Elements or Lower

Wed, 23 May 2007

Back in Print

Very nearly ten years ago, when I started Article Seven, my intent was to focus on print design for students’ organisations, with web design as a secondary concern. The basis of this was my work as a sabbatical for Kent Union, plus my role as Publications Assistant for the NPC, but over time, I discovered three things:

  1. The niche market “graphic design for students’ organisations” wasn’t really a market at all.

  2. Print design is a frustrating business: you send off your artwork, wait, and when it comes back with a problem (because you’re too cheap for proofs), there’s nothing you can do about it.

  3. I was getting much more skilled at web design than I’d ever be at print design. What’s more, my poor old Acorn couldn’t really cut it. As much as I loved Photodesk, ArtWorks and Impression, anything but mono work would always come back shockingly desaturated, at poor resolution, or with myriad unpredictable glitches (exacerbating point 2 above).

Consequently, before long, my print work trailed off to a logo here and there, and the occasional NPC newsletter.

When we launched our honeymoon gift list service last month, we began a careful marketing campaign, which included trying to make personal contact with a number of wedding blogs and magazines.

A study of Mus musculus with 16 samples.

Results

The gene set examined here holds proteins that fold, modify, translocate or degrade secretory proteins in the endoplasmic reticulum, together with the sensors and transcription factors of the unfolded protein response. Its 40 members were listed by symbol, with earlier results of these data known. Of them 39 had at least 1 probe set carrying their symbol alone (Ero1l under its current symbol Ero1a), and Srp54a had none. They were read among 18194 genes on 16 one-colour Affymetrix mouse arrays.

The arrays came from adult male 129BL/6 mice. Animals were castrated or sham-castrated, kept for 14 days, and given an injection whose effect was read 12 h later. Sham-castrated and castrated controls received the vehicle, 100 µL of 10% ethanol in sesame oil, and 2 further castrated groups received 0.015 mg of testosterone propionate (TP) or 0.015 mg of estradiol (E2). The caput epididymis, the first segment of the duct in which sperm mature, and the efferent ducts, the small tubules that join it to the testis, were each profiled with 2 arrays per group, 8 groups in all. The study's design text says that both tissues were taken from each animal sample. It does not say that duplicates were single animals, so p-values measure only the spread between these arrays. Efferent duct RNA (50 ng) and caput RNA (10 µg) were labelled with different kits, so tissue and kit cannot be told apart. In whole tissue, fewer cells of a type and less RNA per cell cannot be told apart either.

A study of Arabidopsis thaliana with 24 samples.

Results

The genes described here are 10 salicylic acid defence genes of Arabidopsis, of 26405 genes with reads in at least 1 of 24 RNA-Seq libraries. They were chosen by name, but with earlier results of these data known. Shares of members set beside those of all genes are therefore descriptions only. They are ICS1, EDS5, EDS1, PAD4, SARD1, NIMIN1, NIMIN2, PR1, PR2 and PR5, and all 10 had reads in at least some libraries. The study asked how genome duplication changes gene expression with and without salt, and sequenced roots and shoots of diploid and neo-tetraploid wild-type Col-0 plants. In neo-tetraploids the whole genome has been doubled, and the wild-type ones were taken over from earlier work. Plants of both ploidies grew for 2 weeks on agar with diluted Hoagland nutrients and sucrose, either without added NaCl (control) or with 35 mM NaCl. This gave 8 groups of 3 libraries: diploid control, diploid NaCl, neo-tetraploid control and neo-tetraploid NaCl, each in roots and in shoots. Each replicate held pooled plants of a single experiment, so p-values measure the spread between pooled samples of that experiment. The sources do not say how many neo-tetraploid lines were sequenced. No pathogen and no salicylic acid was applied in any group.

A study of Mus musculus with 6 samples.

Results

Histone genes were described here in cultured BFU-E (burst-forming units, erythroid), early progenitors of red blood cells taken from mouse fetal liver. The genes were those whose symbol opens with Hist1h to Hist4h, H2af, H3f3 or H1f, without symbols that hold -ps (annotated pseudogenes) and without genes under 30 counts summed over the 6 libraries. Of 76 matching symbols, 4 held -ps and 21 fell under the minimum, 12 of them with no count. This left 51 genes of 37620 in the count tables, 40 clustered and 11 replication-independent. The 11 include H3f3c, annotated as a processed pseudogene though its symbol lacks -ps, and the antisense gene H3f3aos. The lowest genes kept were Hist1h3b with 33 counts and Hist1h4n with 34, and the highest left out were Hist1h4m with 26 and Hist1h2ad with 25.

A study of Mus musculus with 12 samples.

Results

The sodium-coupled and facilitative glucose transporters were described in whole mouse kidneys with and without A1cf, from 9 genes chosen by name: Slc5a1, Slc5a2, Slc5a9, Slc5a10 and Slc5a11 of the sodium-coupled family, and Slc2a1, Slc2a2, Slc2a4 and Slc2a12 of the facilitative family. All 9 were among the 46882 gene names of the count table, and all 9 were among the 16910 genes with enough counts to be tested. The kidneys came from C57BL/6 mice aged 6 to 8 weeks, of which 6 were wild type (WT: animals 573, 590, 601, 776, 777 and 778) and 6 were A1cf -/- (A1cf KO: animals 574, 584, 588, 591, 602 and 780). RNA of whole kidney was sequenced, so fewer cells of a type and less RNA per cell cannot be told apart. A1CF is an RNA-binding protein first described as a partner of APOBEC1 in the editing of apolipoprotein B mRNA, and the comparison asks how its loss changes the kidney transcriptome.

Shelley discovered a recently-launched magazine named Perfect Wedding, whose next issue was to be a honeymoon and gift list special. We contacted them, and were offered a full-page ad at an excellent price, but only if we could deliver the artwork within a few hours, as they were just about to go to press (I believe the page would otherwise have been used for a cross-promotion of one of the publisher’s other titles).

With no small degree of art direction from Shelley, the following ad was created in about two hours flat:

The most romantic gift lists ever!

I can intuit InDesign much better than Photoshop, so I’m glad that the design was much more of a traditional DTP project than an image-manipulation extravaganza.

Having picked up a copy of the new issue yesterday, I’m delighted with the result. The colours are rich, vibrant and match the screen colours near-perfectly, and there aren’t any horrible gotchas. Perfect Wedding were also kind enough to locate our ad right next to their honeymoon article, so we’re situated brilliantly.

Print work will never be a significant part of Article Seven’s output again, but it’s good to know that whatever skills I once had haven’t completely evaporated, and a complete thrill to see both our company and artwork in a major newsstand magazine.